Caring Currents

"Boomerang Seniors" -- More Aging Parents Are Moving in With Their Kids


We were on our way back from a family weekend in Yosemite together, and they'd laughed themselves silly running in and out of her adjoining hotel room, staying up late reading stories in her king-sized bed, and just generally enjoying every minute of her company.

"When you get old, Grandma," my seven-year-old daughter promised my 80-year-old mother, "you can come live with us." The car ride sped by  as we dreamed up accommodations for her -- we'd convert the treehouse into an enchanted aerie, my twins decided, with a generator-powered elevator for when she got too fragile to climb the rope ladder, and a pulley from our kitchen window, to which we'd attach a picnic basket to send back provisions when she didn't feel like coming down for breakfast.

Later, my husband and I found ourselves talking it over more seriously. Could we pull it off, if the day came when my mother really needed our round-the-clock help? My kids adore my mother -- we all do -- and if there's one thing she's made clear, it's that she doesn't want to end her days in any kind of institution. Adapting our lives to include her daily presence wouldn't be easy, absent the manufacture of a real enchanted treehouse, but we decided we could do it, and the next time we saw her, we told her so.

For now, she's doing fine, and the offer is on hold. But if she does wind up taking us up on it, it turns out she'll be part of a fairly seismic demographic shift. Remember the "boomerang generation" -- the less-than-flattering term coined to describe the hordes of young adults who were moving back in with mom and dad when times got tough and they couldn't hold on to jobs or housing? Well, new research indicates that we may be headed for a kind of reverse boomerang -- a flood of seniors moving into the homes of the younger generation as a perfect storm of conditions prevents them from making the move to retirement communities when their need for care increases.

The cost of retirement community living is going up just as the two sources of cash many elders depend on to fund a move -- retirement portfolios and their homes -- are plummeting in value.

In areas of the country where the downturn in the housing market is most pronounced, some seniors literally can't sell their homes, making a move to a retirement community entirely out of reach, and depressing the senior housing market as well. In Tampa, Florida, for example, 12 percent of available senior housing units are unoccupied, compared to 4 percent just a year ago.

All this comes on top of a new report showing a 62 percent surge in the number of elderly parents moving in with their children since the year 2000, to a total of 3.6 million last year.

How the current economic and housing situation will impact the numbers remains to be seen, but odds are good we're heading into an even steeper increase in the number of "reverse boomerangers," unless the economy and housing market undergo a dramatic shift.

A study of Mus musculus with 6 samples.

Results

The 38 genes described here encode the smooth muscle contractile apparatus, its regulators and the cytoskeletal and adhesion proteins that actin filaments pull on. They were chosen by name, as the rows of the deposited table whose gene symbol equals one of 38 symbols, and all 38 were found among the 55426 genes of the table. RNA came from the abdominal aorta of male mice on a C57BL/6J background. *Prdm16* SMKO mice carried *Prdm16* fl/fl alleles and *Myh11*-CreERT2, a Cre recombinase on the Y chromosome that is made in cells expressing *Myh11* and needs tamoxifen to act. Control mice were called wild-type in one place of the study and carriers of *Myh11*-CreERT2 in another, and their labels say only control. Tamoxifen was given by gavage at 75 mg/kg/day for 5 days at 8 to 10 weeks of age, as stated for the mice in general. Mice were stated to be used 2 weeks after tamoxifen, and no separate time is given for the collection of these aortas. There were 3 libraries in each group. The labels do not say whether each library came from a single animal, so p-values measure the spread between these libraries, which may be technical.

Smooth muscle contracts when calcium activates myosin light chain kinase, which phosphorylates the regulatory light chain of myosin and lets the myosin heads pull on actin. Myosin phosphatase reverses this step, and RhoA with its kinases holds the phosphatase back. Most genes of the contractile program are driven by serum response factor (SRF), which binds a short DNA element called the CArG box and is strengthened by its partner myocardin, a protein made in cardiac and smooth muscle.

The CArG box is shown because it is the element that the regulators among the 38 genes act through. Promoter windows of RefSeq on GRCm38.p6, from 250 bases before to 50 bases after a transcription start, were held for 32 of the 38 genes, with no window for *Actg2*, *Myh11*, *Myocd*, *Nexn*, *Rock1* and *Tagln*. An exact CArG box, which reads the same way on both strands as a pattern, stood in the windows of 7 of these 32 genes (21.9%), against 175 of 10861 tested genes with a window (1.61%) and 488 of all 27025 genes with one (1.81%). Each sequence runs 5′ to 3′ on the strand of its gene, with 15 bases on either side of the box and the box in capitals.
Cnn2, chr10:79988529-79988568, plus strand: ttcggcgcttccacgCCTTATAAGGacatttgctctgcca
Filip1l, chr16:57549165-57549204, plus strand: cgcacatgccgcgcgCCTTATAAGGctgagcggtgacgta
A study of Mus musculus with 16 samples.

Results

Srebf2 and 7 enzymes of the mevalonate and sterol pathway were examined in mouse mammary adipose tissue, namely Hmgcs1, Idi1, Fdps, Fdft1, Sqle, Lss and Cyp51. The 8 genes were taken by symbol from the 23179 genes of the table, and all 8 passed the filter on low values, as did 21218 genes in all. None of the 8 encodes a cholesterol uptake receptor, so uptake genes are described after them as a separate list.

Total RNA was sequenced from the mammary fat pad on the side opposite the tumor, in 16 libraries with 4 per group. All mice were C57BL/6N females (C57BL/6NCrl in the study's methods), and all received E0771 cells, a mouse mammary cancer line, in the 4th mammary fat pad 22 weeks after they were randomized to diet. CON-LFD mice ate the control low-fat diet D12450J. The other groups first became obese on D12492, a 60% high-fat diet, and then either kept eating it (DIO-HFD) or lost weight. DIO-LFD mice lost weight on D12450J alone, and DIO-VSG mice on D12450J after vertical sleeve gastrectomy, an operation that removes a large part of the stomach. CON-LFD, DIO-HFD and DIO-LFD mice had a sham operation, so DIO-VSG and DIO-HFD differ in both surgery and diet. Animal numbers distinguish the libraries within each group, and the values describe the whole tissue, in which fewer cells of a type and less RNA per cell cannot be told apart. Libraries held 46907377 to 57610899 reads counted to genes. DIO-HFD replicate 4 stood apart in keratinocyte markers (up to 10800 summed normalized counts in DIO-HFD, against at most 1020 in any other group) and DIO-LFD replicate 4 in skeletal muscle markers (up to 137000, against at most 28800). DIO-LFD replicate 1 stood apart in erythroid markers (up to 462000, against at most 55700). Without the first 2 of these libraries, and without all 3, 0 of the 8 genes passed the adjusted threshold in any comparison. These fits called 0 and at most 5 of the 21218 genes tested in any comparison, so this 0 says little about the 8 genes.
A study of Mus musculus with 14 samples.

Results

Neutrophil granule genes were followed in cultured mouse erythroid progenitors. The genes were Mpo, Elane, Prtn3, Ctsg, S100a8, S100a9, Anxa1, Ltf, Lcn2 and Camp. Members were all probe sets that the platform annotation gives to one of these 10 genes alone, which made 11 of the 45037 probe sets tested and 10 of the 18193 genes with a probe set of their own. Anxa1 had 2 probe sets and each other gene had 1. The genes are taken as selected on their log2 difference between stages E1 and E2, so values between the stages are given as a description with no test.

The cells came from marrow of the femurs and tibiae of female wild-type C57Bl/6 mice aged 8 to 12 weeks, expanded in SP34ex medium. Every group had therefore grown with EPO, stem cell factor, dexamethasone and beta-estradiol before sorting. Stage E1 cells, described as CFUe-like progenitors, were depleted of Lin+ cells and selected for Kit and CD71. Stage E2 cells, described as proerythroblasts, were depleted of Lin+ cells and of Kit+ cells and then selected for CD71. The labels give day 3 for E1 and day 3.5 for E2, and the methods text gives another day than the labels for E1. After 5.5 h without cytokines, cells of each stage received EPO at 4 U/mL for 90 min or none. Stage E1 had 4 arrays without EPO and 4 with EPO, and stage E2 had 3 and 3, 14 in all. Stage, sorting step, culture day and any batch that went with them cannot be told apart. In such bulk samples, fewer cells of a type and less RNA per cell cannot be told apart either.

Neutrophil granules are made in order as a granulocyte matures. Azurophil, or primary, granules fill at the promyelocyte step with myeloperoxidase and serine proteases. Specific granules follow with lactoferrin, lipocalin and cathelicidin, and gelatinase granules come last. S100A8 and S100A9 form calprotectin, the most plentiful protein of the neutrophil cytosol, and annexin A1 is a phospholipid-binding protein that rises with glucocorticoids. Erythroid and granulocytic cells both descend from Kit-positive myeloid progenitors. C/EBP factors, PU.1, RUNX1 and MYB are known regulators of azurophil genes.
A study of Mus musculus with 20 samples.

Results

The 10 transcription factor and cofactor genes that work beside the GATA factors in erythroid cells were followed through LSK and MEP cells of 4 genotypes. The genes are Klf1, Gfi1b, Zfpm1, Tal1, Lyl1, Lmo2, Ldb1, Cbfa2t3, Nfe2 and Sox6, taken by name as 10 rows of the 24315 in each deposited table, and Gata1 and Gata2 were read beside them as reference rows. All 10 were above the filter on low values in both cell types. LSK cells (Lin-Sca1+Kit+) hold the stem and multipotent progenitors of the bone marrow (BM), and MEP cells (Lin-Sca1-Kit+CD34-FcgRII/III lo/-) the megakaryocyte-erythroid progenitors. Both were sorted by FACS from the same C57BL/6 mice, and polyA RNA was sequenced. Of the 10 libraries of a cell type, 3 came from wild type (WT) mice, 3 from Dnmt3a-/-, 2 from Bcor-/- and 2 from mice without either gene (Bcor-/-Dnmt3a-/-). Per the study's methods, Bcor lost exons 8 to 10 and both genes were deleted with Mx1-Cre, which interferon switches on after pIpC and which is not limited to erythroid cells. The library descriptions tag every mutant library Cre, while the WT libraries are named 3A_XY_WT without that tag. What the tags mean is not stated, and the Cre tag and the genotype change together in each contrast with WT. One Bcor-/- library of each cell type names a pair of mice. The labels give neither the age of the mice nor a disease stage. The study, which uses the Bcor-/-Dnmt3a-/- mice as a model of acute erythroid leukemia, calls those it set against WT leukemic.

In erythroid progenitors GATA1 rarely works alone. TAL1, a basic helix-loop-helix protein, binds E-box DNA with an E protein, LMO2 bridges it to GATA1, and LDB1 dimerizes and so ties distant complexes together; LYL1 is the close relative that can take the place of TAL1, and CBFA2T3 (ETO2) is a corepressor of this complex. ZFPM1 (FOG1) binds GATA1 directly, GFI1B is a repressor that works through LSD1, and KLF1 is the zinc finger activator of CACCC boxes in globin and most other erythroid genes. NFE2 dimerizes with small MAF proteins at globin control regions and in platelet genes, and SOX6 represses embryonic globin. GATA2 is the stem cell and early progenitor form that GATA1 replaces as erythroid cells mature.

Moving a parent or other aging relative into your home can be a great way to share the precious final years, allow grandchildren develop a closer bond, and find a closeness that visits -- no matter how frequent or well-spent -- can't quite provide. But the challenges of moving an elder in are as intense as the rewards.

Forty percent of caregivers who work full time say they regularly miss work to care for a live-in parent, and 80 percent of those who care for a live-in parent report emotional strain.

What to do? There's no silver bullet but, as with other aspects of senior housing, new options keep turning up to meet rising demand.

If you're thinking about moving a relative in with you, or have already done so, here are some ideas that may help you avoid the kind of burnout and strain that is all too common among round-the-clock caregivers:

  • Learn about universal design, a set of architectural and design principles that were developed to accommodate wounded veterans and the disabled and are now increasingly being repurposed for older Americans. Depending on your budget and your relative's need, consider modifications ranging from grab bars in the bathroom to renovating the kitchen for wheelchair access. Simple safety steps like putting non-stick mats beneath throw rugs and making sure hallways are adequately lit don't cost much but can make a big difference.
  • Join the "granny flat revival." Cities and states across the country are revising laws and zoning ordinances that had previously put strict limits on back yard or attached dwellings, now making it easier to keep aging relatives close, but not too close. One innovative option is the ECHO (elder cottage housing opportunity) -- a small, prefab backyard dwelling designed specifically as an inexpensive housing alternative for seniors, pioneered in Australia and now available in the U.S.
  • Don't go it alone. Being "on-call" 24/7 -- on top of your other work and family responsibilities -- is a recipe for burnout, especially when you consider the fact that your aging relative's needs are likely only to increase over time. Rather than succumbing early to Superwoman Syndrome, dodge the Kryptonite by looking into adult daycare or hiring a part-time in-home caregiver to provide some relief. Check out Caring's local databases to find options for both in your area.

Image by Flickr user eeicenbice used under the Creative Commons attribution license.